Lieberman: Wash. state may clinch win for McCain

Lieberman: Wash. state may clinch win for McCain »Play Video
SEATTLE -- Washington state could be in the national spotlight come election day, Sen. Joe Lieberman said during a stop in Seattle on Sunday.

Lieberman said Republican presidential candidate Sen. John McCain will bring real change, the kind of change America needs. Lieberman, an independent, is one of John McCain's most controversial supporters.

While in Seattle for a wedding over the weekend, Lieberman said Washington state is now a battleground state.

"I think you're going to find increasing activity from the McCain campaign in Washington state," he said. "This state may actually surprise (the nation), and in doing so, may be 'the' state to send John McCain to the White House."

Lieberman, who defected from the Democratic Party, has enraged his former party by ardently supporting for McCain and taking potshots at Democratic presidential candidate Barack Obama.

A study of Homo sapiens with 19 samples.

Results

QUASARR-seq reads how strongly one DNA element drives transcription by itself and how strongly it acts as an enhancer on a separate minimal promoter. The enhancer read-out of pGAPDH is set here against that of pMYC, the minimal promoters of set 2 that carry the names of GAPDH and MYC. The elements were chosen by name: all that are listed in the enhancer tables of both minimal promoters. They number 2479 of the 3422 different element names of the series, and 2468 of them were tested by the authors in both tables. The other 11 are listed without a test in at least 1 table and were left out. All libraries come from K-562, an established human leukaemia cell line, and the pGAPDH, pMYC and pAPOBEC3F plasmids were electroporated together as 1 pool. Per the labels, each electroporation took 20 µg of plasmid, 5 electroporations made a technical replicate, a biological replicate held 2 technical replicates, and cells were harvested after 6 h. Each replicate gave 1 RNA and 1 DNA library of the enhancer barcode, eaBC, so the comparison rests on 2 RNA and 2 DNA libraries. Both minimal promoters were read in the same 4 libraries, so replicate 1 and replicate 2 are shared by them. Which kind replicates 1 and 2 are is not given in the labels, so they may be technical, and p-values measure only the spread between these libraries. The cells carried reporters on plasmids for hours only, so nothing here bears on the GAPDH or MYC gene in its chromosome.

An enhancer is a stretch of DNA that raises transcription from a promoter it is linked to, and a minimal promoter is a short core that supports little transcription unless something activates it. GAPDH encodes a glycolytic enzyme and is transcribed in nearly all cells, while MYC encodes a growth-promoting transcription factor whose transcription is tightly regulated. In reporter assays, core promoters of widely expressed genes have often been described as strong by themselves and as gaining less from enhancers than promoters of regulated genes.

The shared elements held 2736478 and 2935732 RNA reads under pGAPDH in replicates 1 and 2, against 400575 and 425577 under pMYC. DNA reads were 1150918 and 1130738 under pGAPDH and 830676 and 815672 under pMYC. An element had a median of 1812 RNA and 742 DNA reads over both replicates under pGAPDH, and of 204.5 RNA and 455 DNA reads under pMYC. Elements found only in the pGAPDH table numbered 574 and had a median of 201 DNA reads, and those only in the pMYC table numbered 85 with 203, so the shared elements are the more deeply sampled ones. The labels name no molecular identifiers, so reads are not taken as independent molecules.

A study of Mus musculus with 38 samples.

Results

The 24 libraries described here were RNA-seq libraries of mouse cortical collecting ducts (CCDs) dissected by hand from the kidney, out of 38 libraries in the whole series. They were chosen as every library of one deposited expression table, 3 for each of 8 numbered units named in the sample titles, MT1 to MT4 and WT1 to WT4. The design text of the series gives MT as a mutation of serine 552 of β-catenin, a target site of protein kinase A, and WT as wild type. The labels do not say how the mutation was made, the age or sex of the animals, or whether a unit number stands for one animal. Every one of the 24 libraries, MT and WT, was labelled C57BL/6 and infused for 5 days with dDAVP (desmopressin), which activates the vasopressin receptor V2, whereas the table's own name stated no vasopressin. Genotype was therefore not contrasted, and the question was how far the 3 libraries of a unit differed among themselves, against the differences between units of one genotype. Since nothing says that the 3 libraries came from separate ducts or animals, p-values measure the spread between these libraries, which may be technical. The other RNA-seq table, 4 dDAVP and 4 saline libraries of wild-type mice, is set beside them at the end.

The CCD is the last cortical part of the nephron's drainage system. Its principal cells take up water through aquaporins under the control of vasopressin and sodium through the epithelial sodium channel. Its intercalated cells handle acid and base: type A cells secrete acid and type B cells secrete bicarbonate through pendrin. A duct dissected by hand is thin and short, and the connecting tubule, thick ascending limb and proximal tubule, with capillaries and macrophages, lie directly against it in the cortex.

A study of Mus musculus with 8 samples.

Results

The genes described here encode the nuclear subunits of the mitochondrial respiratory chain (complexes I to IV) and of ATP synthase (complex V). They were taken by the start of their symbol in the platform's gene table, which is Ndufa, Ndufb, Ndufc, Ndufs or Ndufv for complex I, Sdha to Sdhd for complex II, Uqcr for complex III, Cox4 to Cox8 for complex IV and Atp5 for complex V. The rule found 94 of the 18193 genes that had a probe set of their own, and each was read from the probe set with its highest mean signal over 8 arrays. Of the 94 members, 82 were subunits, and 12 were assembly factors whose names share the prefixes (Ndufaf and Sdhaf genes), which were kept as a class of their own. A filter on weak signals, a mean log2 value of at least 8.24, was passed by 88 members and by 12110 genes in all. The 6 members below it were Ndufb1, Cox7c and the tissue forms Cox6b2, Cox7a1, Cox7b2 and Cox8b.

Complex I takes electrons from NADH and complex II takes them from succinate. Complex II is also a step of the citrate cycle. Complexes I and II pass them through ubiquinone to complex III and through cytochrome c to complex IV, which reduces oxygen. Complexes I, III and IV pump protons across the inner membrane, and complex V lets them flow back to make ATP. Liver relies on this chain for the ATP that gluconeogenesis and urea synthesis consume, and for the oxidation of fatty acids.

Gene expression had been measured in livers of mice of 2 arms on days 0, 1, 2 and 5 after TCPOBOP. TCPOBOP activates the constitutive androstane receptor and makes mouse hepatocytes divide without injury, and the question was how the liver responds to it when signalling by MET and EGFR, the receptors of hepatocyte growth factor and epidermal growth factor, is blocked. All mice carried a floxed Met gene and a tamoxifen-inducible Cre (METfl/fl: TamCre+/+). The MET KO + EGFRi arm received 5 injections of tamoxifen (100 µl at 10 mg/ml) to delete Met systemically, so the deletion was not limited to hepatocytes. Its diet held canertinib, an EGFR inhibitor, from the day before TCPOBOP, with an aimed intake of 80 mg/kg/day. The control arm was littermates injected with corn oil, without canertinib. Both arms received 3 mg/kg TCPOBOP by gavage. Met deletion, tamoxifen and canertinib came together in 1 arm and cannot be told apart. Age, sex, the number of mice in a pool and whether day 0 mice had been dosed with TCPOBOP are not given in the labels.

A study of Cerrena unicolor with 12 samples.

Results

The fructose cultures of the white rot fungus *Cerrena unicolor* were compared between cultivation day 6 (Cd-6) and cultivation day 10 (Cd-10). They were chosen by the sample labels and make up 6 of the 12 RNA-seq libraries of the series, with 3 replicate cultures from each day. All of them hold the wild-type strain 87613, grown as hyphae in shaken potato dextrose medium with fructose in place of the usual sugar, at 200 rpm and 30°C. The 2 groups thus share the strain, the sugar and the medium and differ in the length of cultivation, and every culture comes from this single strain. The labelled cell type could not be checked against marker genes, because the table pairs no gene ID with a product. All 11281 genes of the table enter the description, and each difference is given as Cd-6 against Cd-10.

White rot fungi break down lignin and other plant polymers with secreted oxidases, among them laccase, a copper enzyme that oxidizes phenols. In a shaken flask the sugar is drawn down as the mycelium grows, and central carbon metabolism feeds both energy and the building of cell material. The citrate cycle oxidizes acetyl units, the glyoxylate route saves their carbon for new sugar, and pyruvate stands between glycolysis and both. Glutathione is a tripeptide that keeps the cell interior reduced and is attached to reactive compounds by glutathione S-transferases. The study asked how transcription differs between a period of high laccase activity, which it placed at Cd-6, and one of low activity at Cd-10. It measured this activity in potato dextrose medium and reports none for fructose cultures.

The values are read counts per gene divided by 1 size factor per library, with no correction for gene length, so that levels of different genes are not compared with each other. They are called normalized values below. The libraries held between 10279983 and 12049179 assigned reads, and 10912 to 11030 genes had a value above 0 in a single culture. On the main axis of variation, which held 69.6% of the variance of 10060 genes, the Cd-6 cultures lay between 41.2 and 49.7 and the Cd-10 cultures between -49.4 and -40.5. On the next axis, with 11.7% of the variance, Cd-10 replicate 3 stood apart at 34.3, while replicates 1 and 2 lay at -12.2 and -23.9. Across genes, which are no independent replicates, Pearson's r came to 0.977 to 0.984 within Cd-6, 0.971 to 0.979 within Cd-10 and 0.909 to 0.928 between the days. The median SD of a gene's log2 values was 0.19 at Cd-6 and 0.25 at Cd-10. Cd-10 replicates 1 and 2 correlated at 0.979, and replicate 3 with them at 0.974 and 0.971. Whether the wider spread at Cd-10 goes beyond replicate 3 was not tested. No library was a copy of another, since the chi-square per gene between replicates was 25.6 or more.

"My friends who are Democrats know how independent John McCain is, what a different kind of Republican he is based on his record. So they're trying to make him into something he's not," he said.

On Saturday Howard Dean, one of the top voices in the Democratic Party, rallied the troops in Renton and lambasted the McCain campaign. He said the latest round of nasty political ads, tactics and lies is nothing new.

"It's just like every Republican. They say one thing at election time, then do something very different. That's why we're in such trouble in this country and I don't think we need four more years of this trouble," Dean said.

Lieberman said McCain would not continue the Bush legacy. The senator from Connecticut, who often has McCain's ear, also said McCain's running mate Sarah Palin is a very good choice who is capable of stepping up as the president if the need arises.

"Governor Palin will be ready. She's a strong, confident, smart person who has had some executive experience," Lieberman said.

Lieberman also noted that the majority of the media coverage of Palin has been unfair, but said in the next two months the candidates' distinct differences will become apparent to voters.

"This is a very important election. It's a crossroads election, in my opinion, for our country. I don't remember one that was more important," he said.